We audiophiles may agree on the premise our audio systems are intended to mesmerize us with music spectacularly reproduced in our listening space. While the how’s and why’s differ widely, our end use expectation is to become irrevocably attached to the music our systems produce. We can endlessly debate the how’s and why’s, but we cannot dismiss the ultimate goal – stunning music stunningly reproduced.  

Some aspects of audiophilia are difficult for many to grasp, especially anyone outside the hobby. For the vast majority of those who typically listen to music on a handheld device, the perpetual and endless “tinkering” audiophiles perpetuate seems nonsensical. If we should be so bold to go out in public and talk about the incredible increase in sonics we were able to achieve because we repositioned or replaced something, we are very often met with blank and quizzical stares. Do what(?) is often the reply. The uninformed are steadfastly that.

One of the most cherished aspects of speaker set up, and likely difficult to achieve, is make speakers disappear. As we all know and understand, this is not a magic trick like sawing a woman in half. Making a high performance speaker system disappear is not being able to tell music originates at the transducers. This applies to the mains and also, if used in the system, the subwoofer – whether one sub or two. Our ultimate goal is to have imaging portrayed from side to side, well beyond and behind the lateral speaker boundary, and also depict layers of depth and height. We want to be able to pretend we are sitting in a concert hall and not our listening room. 

Making speakers disappear is rewarding and difficult. To do so to remarkable effect means we must overcome deficiencies in the recording itself, the degree to which the equipment ameliorates the signal as it travels along its path, and most difficult of all, the audio room. Propagation of direct and reflected output from the speakers is as much influenced by the room as speaker design. And when considering the design of the speaker system, placement within the room is of paramount importance. Because we all want one simple attribute in our stereos, we want to be bounded by music and completely removed from an audio system. 

If only it were so simple to achieve. 

When seated in the listening chair, most speaker setup methodologies will have the speakers facing the listener. There they are, right smack dab in front of us. If we only hear music radiating from the drivers on the speaker enclosure, we have not successfully completed a disappearing act. We therefore will have little in the way of imaging – whether lateral expansion or image depth. In most such cases, we have fallen victim to that one immovable force – the room itself. 

If we are able to create a sonic portrayal where the music is well defined with specific placement of instruments, and those placements occur from any point besides the speakers, we then feel we have done our job. We have succeeded in our goal. Or have we? 

Can our goal ever be successfully achieved when as soon as we sit in the sweet spot, we see those looming monoliths standing sentry right in front of us? Stand mount or floor standing, face it, speakers are a highly visible feature in any room, dedicated listening or otherwise. And only in high performance audio is the sole acceptable speaker placement not hidden away on a shelf or behind a piece of furniture. No, our speakers must be front and center, there for all to see. Having a set of speakers so prominently displayed in a room causes more than placement and imaging woes, it may create tension from other family members who are not audiophiles. Hence the term “WAF.”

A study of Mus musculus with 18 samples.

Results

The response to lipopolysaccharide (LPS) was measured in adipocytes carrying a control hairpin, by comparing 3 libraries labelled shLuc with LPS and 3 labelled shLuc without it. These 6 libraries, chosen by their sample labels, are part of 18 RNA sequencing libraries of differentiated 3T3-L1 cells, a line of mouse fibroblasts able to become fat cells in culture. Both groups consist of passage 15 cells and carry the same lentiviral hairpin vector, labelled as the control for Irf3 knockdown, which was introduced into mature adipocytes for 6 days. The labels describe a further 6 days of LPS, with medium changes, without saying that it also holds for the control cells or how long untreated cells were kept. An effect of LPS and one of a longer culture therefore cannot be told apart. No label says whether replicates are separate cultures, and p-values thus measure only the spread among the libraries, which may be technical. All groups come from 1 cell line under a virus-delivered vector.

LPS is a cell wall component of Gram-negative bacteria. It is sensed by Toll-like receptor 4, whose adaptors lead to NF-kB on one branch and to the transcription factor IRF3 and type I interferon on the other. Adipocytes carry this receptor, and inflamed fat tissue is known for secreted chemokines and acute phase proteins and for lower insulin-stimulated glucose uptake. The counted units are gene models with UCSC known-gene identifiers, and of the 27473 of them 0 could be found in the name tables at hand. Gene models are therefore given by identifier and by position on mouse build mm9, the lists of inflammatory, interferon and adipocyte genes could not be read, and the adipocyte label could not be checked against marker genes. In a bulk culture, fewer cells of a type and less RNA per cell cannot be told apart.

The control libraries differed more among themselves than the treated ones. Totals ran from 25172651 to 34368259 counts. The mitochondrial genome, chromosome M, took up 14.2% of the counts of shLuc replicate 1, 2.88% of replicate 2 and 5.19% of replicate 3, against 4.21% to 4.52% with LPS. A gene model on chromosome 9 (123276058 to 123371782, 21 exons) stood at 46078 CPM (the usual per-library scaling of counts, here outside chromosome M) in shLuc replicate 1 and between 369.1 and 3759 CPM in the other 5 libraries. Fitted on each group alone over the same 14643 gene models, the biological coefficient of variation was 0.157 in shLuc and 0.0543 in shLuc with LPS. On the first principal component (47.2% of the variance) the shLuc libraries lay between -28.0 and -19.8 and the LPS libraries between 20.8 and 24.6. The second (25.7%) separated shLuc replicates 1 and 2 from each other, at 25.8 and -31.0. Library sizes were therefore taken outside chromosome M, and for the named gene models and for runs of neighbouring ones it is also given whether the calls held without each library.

In most rooms, acceptable speaker placement for a realistic soundstage and imaging of instruments on that soundstage are possible. Yes, some better than others, but most any room can be tamed to a great degree. To what extent may depend on ancillary measures such as room treatments, or its electronic equivalent DSP, but rooms can be made (mostly) compliant. 

One trick, if it may be called that, is the practice of listening in the dark and / or listening with our eyes closed. If we have done our collective jobs correctly, we will have an image with lateral dispersion behind and beyond the speaker boundaries, and we will also have depth and height. When we listen, should we hear image placement so precise it would seem we can get up, walk over and shake hands with the musician, we have set things up correctly. 

Listening in the dark or closing one’s eyes only goes so far, however. We are conditioned to remember how our rooms are arranged. Those imprints on our brain allow moving around a room in low light.

We know the couch is “there” so we can avoid it even if we cannot see it. This memory function also works to our detriment. We know how large our room is so a full-size symphony orchestra cannot fit in that space. As such, listening in the dark with our eyes closed, and knowing we are in our audio room inside our house means the brain reduces the musical portrayal to something more plausible. This is called precognizance and conflicts with what our brain tells us we are hearing and what we would like to hear. 

Consider a large set of floor standing speakers. Many such examples are easily five or six feet tall, measure some twelve, maybe sixteen inches across, and weigh a hundred pounds or more. If they stand four, maybe six feet into a room only sixteen feet deep to begin with, it seems obvious they will be an imposing fixture in the room. 

Based on the ability of any system to develop a convincing soundstage, pre-cognizance and the psychoacoustics of the ear / brain mechanism, how likely is it that speakers actually, perceptibly disappear?

Something to consider the next time you listen in the dark or wonder why your music originates exclusively at the speakers.